Rolling updates of today’s political developments, including the Queen’s speech vote, division over a possible election and EU debate over Brexit extension
- Full story: Cabinet split over pre-Christmas election
- Corbyn urged to resist election calls
- Analysis: Labour reluctance goes beyond no-deal fears
He’s currently visiting the French Glorioso Islands off the south-east coast of Africa, but the French President Emmanuel Macron remains a key figure today amid EU27 deliberations over what type of Brexit extension to grant the UK.
While reports this morning suggest that he favours a 15-day delay, by contrast Germany is among the states backing European Council President Donald Tusk’s proposals for an extension to January 31.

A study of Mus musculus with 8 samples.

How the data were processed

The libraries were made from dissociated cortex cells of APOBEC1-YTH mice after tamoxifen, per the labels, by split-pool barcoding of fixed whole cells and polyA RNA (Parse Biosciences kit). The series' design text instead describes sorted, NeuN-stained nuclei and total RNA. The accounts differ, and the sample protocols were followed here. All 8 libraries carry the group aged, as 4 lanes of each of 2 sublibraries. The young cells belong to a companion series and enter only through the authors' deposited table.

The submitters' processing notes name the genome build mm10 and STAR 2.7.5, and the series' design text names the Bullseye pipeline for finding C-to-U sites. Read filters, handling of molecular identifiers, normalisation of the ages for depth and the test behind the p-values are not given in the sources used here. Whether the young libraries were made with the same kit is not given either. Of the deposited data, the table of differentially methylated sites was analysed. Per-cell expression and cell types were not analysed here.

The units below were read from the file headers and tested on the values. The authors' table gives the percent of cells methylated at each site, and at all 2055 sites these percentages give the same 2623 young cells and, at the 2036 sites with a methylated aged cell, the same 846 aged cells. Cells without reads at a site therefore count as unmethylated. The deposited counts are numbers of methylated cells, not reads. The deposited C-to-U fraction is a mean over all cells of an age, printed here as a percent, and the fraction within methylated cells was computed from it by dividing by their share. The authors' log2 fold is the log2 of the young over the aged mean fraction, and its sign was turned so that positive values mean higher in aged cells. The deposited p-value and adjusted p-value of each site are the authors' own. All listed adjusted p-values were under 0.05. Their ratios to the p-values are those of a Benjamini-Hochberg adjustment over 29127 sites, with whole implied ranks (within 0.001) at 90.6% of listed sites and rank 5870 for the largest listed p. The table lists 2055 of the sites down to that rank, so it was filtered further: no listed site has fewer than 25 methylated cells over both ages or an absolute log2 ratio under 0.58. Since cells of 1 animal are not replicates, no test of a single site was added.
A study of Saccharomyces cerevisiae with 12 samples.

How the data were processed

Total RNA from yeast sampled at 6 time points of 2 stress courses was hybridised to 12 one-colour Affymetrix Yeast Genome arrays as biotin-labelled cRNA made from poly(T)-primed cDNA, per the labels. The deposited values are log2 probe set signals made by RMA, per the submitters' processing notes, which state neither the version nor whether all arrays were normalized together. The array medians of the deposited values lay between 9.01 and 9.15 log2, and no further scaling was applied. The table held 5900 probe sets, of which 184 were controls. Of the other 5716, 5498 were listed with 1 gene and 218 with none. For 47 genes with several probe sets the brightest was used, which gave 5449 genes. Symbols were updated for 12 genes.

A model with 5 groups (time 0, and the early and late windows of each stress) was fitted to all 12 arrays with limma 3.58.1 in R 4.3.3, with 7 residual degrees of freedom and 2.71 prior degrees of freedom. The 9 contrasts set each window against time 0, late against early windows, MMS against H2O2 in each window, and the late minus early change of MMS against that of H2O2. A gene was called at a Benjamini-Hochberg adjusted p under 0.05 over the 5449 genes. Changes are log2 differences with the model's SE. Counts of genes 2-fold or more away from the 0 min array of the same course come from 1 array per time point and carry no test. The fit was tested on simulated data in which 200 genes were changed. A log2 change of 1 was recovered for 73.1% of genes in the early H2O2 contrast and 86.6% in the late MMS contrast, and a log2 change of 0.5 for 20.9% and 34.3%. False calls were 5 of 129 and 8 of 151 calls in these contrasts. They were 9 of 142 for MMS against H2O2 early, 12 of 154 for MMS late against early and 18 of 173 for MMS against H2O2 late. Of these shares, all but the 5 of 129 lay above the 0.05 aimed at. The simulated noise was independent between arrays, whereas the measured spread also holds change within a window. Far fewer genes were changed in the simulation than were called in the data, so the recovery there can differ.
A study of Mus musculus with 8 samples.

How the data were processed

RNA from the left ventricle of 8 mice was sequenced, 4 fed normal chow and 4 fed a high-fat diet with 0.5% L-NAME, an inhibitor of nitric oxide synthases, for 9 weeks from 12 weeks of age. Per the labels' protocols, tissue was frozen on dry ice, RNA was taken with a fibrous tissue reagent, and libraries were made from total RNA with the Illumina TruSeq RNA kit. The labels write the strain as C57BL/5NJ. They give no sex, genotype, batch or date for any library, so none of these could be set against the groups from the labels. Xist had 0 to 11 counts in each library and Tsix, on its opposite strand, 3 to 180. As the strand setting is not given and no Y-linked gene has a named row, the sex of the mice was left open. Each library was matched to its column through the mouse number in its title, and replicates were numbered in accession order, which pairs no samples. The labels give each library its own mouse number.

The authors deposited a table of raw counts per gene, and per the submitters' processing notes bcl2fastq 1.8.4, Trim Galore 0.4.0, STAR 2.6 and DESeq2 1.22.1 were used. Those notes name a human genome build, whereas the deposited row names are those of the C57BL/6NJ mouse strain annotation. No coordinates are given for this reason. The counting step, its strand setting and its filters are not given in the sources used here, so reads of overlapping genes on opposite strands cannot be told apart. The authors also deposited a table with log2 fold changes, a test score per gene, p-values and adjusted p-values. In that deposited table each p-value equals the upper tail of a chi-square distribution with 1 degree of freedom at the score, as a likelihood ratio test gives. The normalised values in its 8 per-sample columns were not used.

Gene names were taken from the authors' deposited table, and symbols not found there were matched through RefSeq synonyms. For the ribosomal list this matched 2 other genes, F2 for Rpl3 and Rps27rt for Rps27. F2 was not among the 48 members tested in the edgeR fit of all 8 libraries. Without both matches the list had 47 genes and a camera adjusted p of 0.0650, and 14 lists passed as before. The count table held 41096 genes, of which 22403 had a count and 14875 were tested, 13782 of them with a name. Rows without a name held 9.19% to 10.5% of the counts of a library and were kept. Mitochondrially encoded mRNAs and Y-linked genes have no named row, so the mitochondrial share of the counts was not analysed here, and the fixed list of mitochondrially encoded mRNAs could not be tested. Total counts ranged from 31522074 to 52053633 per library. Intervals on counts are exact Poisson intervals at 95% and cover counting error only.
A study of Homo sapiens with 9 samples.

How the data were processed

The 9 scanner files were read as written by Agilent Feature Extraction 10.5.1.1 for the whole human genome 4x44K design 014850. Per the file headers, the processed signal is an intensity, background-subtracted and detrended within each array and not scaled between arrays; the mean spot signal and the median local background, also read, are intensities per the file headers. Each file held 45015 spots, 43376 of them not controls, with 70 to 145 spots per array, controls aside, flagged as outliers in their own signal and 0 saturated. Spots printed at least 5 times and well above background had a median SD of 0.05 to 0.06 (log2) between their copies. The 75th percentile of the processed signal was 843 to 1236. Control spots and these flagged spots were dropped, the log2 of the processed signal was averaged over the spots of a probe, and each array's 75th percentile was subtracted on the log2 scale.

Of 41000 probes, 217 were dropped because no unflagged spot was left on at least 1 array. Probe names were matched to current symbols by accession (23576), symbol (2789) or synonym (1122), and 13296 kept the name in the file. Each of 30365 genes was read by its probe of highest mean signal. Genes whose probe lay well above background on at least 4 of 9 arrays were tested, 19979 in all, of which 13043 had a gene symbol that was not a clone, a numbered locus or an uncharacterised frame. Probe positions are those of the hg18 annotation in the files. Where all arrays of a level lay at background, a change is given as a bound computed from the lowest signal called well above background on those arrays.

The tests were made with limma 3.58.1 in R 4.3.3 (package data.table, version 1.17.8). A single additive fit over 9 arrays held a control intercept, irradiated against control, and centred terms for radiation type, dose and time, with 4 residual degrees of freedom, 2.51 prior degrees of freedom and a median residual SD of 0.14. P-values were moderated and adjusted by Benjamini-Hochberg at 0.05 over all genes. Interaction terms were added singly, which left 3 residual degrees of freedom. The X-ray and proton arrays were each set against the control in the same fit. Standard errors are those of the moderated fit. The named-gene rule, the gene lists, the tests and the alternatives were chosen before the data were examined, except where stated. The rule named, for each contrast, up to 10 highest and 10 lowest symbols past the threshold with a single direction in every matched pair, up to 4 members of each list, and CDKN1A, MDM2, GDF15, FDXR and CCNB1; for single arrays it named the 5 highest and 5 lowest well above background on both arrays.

EU ambassadors met last night in Brussels but did not agree to the UK’s request. It is believed that the French government does not favour a three-month extension unless the UK commits to an election or a second referendum.
However, it would be willing to agree a short extension of a few weeks to enable the British parliament to complete ratification of the treaty.
A summary published today on the LSE’s website suggests that the Tories “went overboard in their rhetoric on ‘getting on with the job’ of Brexit, (risking the alienation of their more moderate supporters) and on the robotic message of ‘strong and stable leadership’.”
There is a clear left-wing anti-austerity constituency in Britain, and rather than being out of touch with the public mood, as many New Labour grandees feared, our analysis shows that Labour’s message under Corbyn resonated both with party supporters and the wider public.
By offering its supporters policies they strongly agreed with, Labour also thwarted the electoral threat potentially inherent in its vague position on Brexit.